Iraqi refugee released from JFK calls America ‘the land of freedom’

“What do I do for this country? They put the cuffs on.”

Hameed Khalid Darweesh with Rep. Nydia Velazquez (D-NY) at JFK airport. CREDIT: @NydiaVelazquez
Hameed Khalid Darweesh with Rep. Nydia Velazquez (D-NY) at JFK airport. CREDIT: @NydiaVelazquez

On Friday evening, Hameed Khalid Darweesh was among the many refugees and immigrants whose travel plans were abruptly interrupted when President Donald Trump signed his executive order on immigration.

The order blocks the entry of Syrian refugees into the United States indefinitely; blocks entry for all refugees for 120 days; and puts a 90-day block on entry into the United States for citizens from the predominantly-Muslim countries Iran, Libya, Somalia, Sudan, Syria, and Yemen.

Darweesh, an Iraqi interpreter who had worked on behalf of the United States government, was on his flight with his wife and children when the order was issued. He was detained immediately upon arrival at JFK.


But after protesters swarmed JFK to show their support for refugees and Darweesh’s lawyers filed a motion seeking his release, he was released shortly after noon on Saturday.

Once free, Darweesh cried as he addressed reporters, and mimicked having his hands behind his back in handcuffs.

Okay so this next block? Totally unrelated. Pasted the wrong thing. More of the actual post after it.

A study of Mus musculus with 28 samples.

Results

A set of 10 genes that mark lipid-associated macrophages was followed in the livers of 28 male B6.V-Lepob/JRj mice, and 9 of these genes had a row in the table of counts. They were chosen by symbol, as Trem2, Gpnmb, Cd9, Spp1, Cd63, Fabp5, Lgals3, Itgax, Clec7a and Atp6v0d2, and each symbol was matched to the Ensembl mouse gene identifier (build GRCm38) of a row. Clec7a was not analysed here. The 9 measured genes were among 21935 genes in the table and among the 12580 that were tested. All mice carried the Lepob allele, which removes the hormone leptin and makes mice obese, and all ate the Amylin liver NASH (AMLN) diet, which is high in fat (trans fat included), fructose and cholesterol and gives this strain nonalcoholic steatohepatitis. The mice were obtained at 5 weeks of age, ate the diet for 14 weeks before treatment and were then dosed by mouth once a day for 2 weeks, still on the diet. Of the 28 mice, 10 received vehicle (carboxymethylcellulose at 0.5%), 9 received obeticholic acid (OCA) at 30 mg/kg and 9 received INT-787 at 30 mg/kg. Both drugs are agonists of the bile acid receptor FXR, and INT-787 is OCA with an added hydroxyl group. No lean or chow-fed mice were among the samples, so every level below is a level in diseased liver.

“What do I do for this country? They put the cuffs on,” he said, as reported by the New York Times. “You know how many soldiers I touch by this hand?”

Darweesh, who was targeted in Iraq because of how much he assisted the U.S. government, also thanked the protesters who showed up to the airport to support him.

“America is the greatest nation, the greatest people in the world,” he said. “In Iraq, we know that America is the land of the free.”

Darweesh’s lawyers, including Mark Doss, a supervising attorney at the International Refugee Assistant Project, also represent Haider Sameer Abdulkhaleq Alshawi, another detainee who remains in custody.


When Doss asked the border agent at JFK who he needed to talk to in order to get his clients released, the agent told him, “Call Mr. Trump.”

The text of the order Trump signed on Friday doesn’t mention green card holders or dual citizens, but is currently being interpreted as affecting both. People who have lived in the United States legally for years, and people who hold dual citizenship with the seven banned Muslim countries, could all be impacted.